Berkeley, a Look Back: City’s Japanese Americans interned in May 1942

For this week, instead of 100 years ago, I’m just going back 82 years, to an important and traumatic period in Berkeley history.


In California, about 120,000 people — ranging from octogenarians to newborn babies — were “registered” and deported to internment camps from rural eastern California to Colorado and Arkansas. Of the 120,000 imprisoned, some 70,000 were full, native-born U.S. citizens, but the federal government made no distinctions. About 1,200 were Berkeley residents, a population that overlapped with some 500 Japanese American students enrolled at UC Berkeley.

Though widely advocated at the time because of fears that Japanese Americans would form a “fifth column” to support the Japanese Empire during the war, the “relocation” program also had roots in deeply established xenophobia and discrimination on the West Coast against East Asian immigrants.

Berkeley’s Japanese American community, like those in other Bay Area cities, largely lived in certain “mixed” residential neighborhoods, while informally banned by racist custom and practice from residence in much of the rest of the city. Berkeley’s Japanese Americans, though, also operated businesses — ranging from horticultural nurseries to laundries and professional offices — throughout much of the city.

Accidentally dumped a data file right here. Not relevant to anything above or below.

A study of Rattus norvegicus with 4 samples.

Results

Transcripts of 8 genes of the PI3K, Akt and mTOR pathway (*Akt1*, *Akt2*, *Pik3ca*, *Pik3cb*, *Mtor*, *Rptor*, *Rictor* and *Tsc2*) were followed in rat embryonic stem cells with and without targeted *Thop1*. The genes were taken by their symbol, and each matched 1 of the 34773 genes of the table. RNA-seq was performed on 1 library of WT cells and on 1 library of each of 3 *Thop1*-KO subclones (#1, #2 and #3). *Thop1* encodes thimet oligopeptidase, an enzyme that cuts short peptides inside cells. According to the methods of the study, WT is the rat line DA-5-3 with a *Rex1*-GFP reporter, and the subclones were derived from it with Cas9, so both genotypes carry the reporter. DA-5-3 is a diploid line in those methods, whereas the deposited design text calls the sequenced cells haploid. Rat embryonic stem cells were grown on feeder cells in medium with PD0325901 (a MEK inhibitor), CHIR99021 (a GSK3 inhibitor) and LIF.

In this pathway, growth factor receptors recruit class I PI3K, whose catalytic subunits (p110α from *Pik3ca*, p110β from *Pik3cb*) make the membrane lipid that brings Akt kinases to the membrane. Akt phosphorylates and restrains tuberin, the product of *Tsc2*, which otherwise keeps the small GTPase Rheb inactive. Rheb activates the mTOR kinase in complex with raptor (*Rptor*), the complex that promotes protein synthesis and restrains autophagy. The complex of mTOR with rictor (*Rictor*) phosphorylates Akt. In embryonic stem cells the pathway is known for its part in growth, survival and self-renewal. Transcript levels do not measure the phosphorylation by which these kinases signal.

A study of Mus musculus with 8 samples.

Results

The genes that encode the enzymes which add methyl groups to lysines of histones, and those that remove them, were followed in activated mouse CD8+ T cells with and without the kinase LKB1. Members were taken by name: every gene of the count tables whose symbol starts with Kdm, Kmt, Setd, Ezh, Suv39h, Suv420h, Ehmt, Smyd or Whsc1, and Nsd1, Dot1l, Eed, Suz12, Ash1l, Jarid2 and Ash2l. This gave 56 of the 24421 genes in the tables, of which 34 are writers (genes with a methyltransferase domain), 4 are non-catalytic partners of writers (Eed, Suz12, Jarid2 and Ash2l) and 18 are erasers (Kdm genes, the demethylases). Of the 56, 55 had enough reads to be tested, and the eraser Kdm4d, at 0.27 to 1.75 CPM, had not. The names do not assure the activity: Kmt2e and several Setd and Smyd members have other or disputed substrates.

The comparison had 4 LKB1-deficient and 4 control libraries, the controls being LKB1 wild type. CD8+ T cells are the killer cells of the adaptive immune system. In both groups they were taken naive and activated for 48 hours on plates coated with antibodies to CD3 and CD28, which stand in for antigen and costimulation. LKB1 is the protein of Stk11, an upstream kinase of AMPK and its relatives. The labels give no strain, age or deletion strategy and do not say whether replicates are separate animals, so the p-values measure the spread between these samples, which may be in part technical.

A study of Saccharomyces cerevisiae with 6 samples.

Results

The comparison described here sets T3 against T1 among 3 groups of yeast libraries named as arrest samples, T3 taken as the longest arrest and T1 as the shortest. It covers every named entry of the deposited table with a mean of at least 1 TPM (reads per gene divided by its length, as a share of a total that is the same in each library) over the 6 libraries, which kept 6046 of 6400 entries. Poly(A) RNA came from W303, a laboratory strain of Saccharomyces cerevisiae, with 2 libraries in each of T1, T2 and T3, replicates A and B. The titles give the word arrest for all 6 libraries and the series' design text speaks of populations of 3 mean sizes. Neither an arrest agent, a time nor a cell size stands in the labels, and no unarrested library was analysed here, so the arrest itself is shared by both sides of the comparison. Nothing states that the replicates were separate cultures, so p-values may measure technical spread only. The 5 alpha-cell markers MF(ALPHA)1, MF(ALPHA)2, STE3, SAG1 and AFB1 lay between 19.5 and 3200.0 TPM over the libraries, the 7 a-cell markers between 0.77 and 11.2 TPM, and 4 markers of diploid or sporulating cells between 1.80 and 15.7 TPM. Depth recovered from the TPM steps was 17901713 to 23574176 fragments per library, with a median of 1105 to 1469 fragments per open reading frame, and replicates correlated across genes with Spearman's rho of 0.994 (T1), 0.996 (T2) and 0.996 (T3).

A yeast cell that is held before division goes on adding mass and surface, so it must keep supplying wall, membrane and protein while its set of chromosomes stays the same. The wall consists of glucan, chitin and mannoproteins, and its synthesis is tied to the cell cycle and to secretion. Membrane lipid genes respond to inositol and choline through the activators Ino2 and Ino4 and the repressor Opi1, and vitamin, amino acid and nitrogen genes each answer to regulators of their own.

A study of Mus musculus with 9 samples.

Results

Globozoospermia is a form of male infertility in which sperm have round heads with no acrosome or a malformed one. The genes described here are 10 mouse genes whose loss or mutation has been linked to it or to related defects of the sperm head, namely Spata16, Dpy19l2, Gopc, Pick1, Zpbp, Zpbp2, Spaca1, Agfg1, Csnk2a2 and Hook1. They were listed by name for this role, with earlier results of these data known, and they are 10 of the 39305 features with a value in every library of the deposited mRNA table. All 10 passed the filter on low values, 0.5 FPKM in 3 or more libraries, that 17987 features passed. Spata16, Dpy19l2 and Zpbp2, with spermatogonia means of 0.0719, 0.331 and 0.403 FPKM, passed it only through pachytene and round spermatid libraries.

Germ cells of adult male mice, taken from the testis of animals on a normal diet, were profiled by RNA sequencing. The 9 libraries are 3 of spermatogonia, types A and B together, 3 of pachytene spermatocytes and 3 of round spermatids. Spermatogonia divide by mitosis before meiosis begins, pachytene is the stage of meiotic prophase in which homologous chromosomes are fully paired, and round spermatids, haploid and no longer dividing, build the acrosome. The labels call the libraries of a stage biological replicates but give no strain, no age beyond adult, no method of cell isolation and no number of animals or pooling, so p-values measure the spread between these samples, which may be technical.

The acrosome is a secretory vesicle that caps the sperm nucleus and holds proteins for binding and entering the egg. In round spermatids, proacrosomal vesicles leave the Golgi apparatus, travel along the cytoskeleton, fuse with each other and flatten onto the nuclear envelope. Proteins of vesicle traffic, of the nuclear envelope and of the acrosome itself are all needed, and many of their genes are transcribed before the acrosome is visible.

In March and April, 1942, the Army began issuing “evacuation orders” directing people from specific regions to go on specific days to “civil control stations” operated by the Army. Berkeley’s order — which also included northwestern Contra Costa County — came on April 24, 1942, and was printed on flyers distributed and posted around town.

The Berkeley location was initially to be a fire station, but the First Congregational Church at Dana and Channing offered its social hall — Pilgrim Hall — as a more humane gathering point. That is where 1,200 Berkeley residents went after April 24 to register and then — at the start of May 1942 — boarded buses to a temporary guarded camp at the Tanforan racetrack on the San Francisco Peninsula.

“Evacuees” were told to show up with “bedding and linens (no mattress),” “toilet articles,” “extra clothing,” “sufficient knives, forks, spoons, plates, bowls and cups for each member of the family” and “essential personal effects.” They were also banned from bringing pets and limited “to that which can be carried by the individual or family group.”

In the period of a week they had to make frantic arrangements to close businesses, leave jobs and schools, store or sell belongings and find people to watch their homes and take their pets for an indefinite period.

Many would eventually return to Berkeley and rebuild their lives. Others did not return, and many of those who did had lost all or much of their Berkeley property, belongings and assets while in the camps the government initially called “relocation centers,” where they would spend years in many cases.

Historians and those imprisoned would later define them as “internment camps”. Today they are sometimes also called “concentration camps” based on the similar British program during the Boer War from 1899 to 1902 to round up South African residents of German ancestry and put them in guarded camps.

This anniversary should always be remembered soberly in Berkeley, particularly in challenging eras like ours when there are repeated calls for imprisonment or deportation of people based on ethnicity, religion or national origin.

Bay Area native and Berkeley community historian Steven Finacom holds this column’s copyright.